Lady Beetle Life Cycle

Coleomegilla maculata lengi

By Emily Luebke, CUH Field Tech and Photographer

June 15th, 2020

“Ladybug”, “Lady beetle”, “Ladybird”.  These are just a few of the names associated with the familiar small, round, and red insect with black spots.  While doing some research on their lifecycle, I discovered these well-known and well-loved insects also have a rich history and folklore.  Instead of entomology, I was quickly being drawn into etymology and the study of names.  While “ladybug” is most commonly used in North America, “lady beetle” is often preferred by entomologists since ladybugs are in fact beetles in the order Coleoptera (not true bugs in the order Hemiptera).  In Britain and elsewhere, “ladybird” is typically used with “lady cow” being an older variant.  The “lady” part of the name is a reference to the Virgin Mary who was often depicted in paintings wearing a red cloak. While many European languages have similar names which incorporate “lady”, “Mary”, or “God” into the common names, there are also a wide variety of other common names.  When literally translated, you find everything from “golden wings” (Hindi) to “tiny shoemaker” (Persian) to “gold hen” (Swedish) to “insect of fortune” (Turkish) with cow, hen, and gold appearing frequently. Lady beetles are also often seen as a source of good fortune or a predictor of the future.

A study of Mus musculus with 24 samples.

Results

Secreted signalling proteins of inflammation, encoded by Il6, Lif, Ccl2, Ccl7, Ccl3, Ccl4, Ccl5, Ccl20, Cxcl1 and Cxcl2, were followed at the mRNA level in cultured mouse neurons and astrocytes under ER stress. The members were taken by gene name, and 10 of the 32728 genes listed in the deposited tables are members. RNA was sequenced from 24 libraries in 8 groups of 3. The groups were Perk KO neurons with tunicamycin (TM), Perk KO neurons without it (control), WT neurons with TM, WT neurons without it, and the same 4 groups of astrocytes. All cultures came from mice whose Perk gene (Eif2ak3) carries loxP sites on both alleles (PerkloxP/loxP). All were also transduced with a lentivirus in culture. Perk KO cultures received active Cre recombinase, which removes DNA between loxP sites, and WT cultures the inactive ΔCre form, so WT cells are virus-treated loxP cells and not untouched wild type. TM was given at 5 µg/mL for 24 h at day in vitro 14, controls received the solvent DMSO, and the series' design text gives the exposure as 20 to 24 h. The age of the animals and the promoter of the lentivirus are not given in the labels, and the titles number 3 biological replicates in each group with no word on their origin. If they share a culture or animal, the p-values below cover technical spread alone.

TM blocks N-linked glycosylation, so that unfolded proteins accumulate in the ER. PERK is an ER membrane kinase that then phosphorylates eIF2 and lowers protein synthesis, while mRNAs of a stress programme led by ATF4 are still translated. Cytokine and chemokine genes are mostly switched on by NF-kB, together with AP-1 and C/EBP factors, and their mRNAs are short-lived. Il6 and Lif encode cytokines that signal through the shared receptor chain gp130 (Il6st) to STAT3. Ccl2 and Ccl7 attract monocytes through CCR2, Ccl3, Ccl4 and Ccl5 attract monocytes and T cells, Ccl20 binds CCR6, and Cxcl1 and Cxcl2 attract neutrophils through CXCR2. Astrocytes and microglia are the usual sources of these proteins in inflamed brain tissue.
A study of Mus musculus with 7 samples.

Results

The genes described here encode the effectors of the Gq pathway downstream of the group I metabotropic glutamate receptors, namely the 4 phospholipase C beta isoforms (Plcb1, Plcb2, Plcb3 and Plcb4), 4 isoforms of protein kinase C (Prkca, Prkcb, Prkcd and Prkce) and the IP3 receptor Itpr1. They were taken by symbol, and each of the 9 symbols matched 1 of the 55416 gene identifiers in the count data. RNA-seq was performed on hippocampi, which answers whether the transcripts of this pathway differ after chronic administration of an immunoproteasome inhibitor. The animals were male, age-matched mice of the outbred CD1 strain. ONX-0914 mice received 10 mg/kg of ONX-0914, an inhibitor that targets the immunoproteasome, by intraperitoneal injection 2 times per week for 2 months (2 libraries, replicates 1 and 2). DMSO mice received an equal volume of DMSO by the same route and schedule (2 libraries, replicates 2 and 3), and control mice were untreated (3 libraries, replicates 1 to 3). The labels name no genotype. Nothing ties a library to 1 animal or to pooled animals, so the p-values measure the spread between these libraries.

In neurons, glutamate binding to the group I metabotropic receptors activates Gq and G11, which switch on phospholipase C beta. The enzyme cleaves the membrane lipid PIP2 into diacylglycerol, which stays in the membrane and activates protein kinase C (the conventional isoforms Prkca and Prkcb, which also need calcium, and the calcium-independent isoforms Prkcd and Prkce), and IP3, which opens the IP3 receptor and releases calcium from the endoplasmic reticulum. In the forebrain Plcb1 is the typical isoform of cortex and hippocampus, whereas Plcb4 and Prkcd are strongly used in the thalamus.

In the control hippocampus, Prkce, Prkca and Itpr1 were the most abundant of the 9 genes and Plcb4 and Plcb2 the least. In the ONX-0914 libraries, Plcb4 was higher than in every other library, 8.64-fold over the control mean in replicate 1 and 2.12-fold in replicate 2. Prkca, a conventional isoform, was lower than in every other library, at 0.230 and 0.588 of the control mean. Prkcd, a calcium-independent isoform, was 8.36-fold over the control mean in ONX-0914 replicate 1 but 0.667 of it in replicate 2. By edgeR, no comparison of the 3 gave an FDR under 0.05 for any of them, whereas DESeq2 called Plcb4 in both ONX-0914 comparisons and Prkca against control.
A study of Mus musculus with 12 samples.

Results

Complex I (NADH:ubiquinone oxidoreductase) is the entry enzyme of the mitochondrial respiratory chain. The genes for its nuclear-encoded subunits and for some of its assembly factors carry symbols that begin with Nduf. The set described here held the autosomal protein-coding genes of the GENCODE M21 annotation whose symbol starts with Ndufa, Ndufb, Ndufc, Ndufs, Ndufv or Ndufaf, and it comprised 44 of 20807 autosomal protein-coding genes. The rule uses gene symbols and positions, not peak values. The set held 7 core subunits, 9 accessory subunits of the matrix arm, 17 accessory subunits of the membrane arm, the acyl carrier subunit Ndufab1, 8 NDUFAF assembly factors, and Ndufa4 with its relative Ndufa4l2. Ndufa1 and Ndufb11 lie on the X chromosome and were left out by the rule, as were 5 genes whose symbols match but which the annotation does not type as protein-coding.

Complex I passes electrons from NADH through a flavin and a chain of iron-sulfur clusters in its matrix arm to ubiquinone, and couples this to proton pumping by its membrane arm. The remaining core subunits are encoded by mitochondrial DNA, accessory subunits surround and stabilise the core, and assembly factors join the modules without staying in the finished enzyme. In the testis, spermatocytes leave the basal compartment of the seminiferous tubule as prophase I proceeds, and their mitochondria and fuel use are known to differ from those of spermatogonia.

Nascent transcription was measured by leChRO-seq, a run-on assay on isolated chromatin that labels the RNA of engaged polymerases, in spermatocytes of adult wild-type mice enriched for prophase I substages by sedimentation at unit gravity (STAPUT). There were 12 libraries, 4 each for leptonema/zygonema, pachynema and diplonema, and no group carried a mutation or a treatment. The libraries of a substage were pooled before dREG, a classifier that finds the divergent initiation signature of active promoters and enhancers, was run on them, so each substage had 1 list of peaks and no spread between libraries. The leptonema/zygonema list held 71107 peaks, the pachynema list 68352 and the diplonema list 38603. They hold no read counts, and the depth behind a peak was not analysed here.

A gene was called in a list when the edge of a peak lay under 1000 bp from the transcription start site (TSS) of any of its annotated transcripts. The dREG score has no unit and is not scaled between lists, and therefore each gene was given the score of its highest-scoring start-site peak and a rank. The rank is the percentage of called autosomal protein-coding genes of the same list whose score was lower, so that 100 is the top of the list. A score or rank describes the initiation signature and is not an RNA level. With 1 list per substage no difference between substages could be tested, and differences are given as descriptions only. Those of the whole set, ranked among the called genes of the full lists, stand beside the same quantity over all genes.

Lady beetles are in the family Coccinellidae, a name based on the Latin word coccineus, meaning “scarlet”.  Many species eat aphids or other plant pests and are therefore well-loved by gardeners and used as biological control agents in agriculture.  Some species such as Coccinella septempunctata (seven-spotted ladybird from Europe) and Harmonia axyridis (multicolored Asian lady beetle) have been introduced in North America as biological control agents.  The latter are perhaps best known to many as the pests that invade their homes when these lady beetles seek a place to overwinter.  While there are about 480 species in North America, I most often see 4 lady beetles, the two aforementioned non-natives, and two natives – Cycloneda munda (polished lady beetle) and Coleomegilla maculata lengi (spotted lady beetle).

On recent CUH surveys, I have had the opportunity to observe lady beetles in all stages of their life cycle.  They begin as eggs, often attached on the underside of a leaf, which hatch in about 2-10 days. From the eggs emerge the first larval instar of the lady beetle. These larva are voracious predators – primarily of aphids and other small insects – and will grow and molt 4 times over the course of about 3-4 weeks.  The transformation to an adult lady beetle occurs when the last larval instar attaches itself to a leaf to pupate. The life of the adult lady beetle begins when it emerges from the pupa.  Like the larva, the adults often eat aphids or small insects, although a few species eat plants or fungus. When fully mature, they will begin the cycle again by mating.  Lady beetles live in many habitats and all the stages of their life cycle can often be seen within a small radius.  Try finding their eggs, larva, and pupa the next time you spot a lady beetle!